A week or two back I had a conversation with the Ireland-based CEO of the company Tracknstop, which pitches itself as a tool not only to help prevent truck and/or cargo theft, but to stop it in its tracks when it happens, as you’ll see in the video above.
Declan O’Mahoney, said CEO, pitches the electronic device, which has been recently patented in the U.S. and is in trials with some fleets, in the context of international terrorists’ willingness to use large vehicles as weapons, which has of course happened in devastating fashion in Europe in recent years with larger-class trucks and here in the U.S. with a lighter rental unit.
“We have millions of miles in Europe now,” O’Mahoney says, where Tracknstop is commercially available already. “There’s a lot of tracking companies who can tell you where the truck is and … all sorts of other things” about its operating status. “That’s kind of standard, mature technology, and there’s a lot of players in that space.” (At once, it’s hardly universal — just more than half of owner-operators in Overdrive‘s audience via this ongoing poll have thus far reported utilizing some form of tracking occasionally or frequently.)
What Tracknstop and a few other providers (such as the Magtec company) can do that most can’t is allow a remote operator to halt the vehicle when suspicious activity is suspected or detected.
Tracknstop, O’Mahoney adds, will “coexist with existing” vehicle tracking solutions on-board, many of which are offered in tandem with electronic logging devices at this point for fleets large and small. Installed covertly, the Tracknstop device when activated slowly cuts off the fuel supply to the engine, essentially. As shown in the video at the top, in the event of a false-positive of sorts — a stopped vehicle that is not in fact in danger — once the driver communicates with law enforcement and/or the control center, the device is also capable of allowing restart remotely as well.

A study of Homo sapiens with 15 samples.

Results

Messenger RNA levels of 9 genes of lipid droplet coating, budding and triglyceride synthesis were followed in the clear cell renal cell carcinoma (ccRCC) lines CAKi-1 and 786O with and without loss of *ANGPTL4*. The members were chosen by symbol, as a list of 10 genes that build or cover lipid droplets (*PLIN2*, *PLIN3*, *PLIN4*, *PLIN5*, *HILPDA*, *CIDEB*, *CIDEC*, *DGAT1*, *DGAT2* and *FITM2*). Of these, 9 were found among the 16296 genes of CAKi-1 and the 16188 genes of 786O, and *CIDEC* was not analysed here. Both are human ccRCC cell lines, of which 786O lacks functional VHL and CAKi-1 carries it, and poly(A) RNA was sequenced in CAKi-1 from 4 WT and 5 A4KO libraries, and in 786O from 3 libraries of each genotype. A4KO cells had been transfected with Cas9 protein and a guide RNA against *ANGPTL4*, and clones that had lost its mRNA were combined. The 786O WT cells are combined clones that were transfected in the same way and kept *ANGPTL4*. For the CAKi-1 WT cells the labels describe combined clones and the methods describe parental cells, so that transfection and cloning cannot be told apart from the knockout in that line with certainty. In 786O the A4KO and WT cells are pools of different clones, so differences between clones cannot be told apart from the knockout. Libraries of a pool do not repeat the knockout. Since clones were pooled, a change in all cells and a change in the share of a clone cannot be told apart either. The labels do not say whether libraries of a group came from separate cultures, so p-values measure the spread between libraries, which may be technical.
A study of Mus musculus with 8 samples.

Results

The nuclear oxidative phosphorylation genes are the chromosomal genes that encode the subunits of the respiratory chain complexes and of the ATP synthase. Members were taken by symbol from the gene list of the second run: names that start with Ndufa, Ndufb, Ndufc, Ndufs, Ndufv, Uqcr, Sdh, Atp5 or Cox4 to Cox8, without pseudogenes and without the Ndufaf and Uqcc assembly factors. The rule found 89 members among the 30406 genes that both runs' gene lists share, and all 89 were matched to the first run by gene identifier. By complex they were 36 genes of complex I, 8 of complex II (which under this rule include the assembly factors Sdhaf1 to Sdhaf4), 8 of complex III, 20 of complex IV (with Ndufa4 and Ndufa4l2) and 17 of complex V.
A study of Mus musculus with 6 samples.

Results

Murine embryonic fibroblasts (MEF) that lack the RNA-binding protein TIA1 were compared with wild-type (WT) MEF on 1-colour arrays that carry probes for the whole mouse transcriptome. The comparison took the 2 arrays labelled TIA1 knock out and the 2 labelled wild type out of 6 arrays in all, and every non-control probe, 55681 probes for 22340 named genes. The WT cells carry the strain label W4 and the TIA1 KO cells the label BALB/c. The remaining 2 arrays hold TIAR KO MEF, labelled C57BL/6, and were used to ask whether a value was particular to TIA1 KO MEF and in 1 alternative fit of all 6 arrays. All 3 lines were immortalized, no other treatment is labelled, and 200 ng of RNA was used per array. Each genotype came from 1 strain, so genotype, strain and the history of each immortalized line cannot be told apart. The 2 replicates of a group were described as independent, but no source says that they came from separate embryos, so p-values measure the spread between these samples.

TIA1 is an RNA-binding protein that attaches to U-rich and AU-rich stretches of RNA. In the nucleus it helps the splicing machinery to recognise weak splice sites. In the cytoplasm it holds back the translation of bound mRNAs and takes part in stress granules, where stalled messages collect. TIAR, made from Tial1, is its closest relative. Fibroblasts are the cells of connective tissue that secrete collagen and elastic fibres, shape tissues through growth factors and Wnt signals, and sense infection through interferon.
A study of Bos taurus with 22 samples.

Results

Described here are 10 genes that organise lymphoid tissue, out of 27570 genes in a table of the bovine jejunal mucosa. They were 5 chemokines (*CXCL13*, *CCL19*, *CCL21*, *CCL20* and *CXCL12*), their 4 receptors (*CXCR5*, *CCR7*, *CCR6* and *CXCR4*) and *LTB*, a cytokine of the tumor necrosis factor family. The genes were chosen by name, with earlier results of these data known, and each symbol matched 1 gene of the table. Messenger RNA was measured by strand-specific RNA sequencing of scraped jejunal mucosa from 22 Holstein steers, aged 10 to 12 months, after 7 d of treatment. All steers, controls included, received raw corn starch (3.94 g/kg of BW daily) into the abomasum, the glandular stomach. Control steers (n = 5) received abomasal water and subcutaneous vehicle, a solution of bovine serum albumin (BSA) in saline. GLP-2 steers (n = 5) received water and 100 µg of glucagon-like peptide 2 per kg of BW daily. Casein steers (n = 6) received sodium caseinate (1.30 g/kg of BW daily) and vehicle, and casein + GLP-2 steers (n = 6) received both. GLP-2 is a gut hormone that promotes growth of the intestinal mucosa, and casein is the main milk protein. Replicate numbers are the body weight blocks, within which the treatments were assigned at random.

And it “goes further than that,” says O’Mahoney, who notes Tracknstop can utilize electronically geofenced areas to safeguard vehicles during particular times of day. He uses the hypothetical example of a bus yard in New York City where vehicles are housed and not scheduled to be utilized at particular times of day — say, overnight. “We can geofence that yard, and if somebody breaks in there and decides to go joy-riding,” once the bus is “driven through the gate, it shuts down within 15 seconds down the road.”
The company’s also got the capability of doing the opposite, preventing a Tracknstop-outfitted vehicle from entering a geofenced area — say, during law-enforcement-sensitive events like the New York City marathon or inauguration festivities in Washington, D.C., he says. “We can give the capacity to a trucking company to geofence that entire area.” He extends that example to a company hauling jet fuel or another explosive commodity. “If I owned that trucking company, I could say to my drivers, ‘law enforcement doesn’t want any trucking in Manhattan. If you drive into there, the truck will shut down and you’ll be fired.'”
It’s perhaps yet another way, he says, to provide a little more security to control risk, something owners might pitch to customers to “differentiate from the competition and potentially reduce your insurance costs.”
Such tech could be a game changer for cargo and tractor theft, too, with a wide uptake in use of new ability for individual truck owners and fleets to hand law enforcement on a silver platter, so to speak, exactly what they need to pursue a theft, provided owners are awake at the switch and attentive to potentially active thefts.
Assuming affordability of such a service, would it be something that would interest you?
O’Mahoney wouldn’t specify costs, noting only that it will “depend on the size of the fleet,” as in so many things of course. “Installation,” he says, “is more complicated than your standard tracker,” though it’s not a particularly difficult process and can be done by a skilled mechanic in a half-hour to an hour. There are both hardware costs and monthly connection fees as well, he adds.
Trials are ongoing in the U.S. with companies hauling sensitive commodities like ammunition and hazmat loads. “We’re looking to target them first,” O’Mahoney says.
Oil boom in Midland, Texas
Looks like opportunity is knocking in the oil field again — or still knocks, as the case may be. Intrastate Texas work remains outside the ELD mandate for now, it’s worth noting …
Reason I mention it is that over the weekend, I came across this Friday piece of reporting in the L.A. Times that led with an interview with the mayor of Midland, Texas, about local government employment, or the difficulties therein given everybody in town seemed to be making bank around the booming shale-oil activity in the Permian Basin. It contained a nugget of a quote from one Steve Sauceda, who, as the Times reported, “runs the workforce training program at New Mexico Junior College.”
As Sauceda told writer David Wethe: “A CDL is a golden ticket around here.”
The story went on to quote a 30-year-old flatbed hauler who said he might make as much as $140K this year.
Any bulk or flat haulers seeing similar in oil field-related work this year?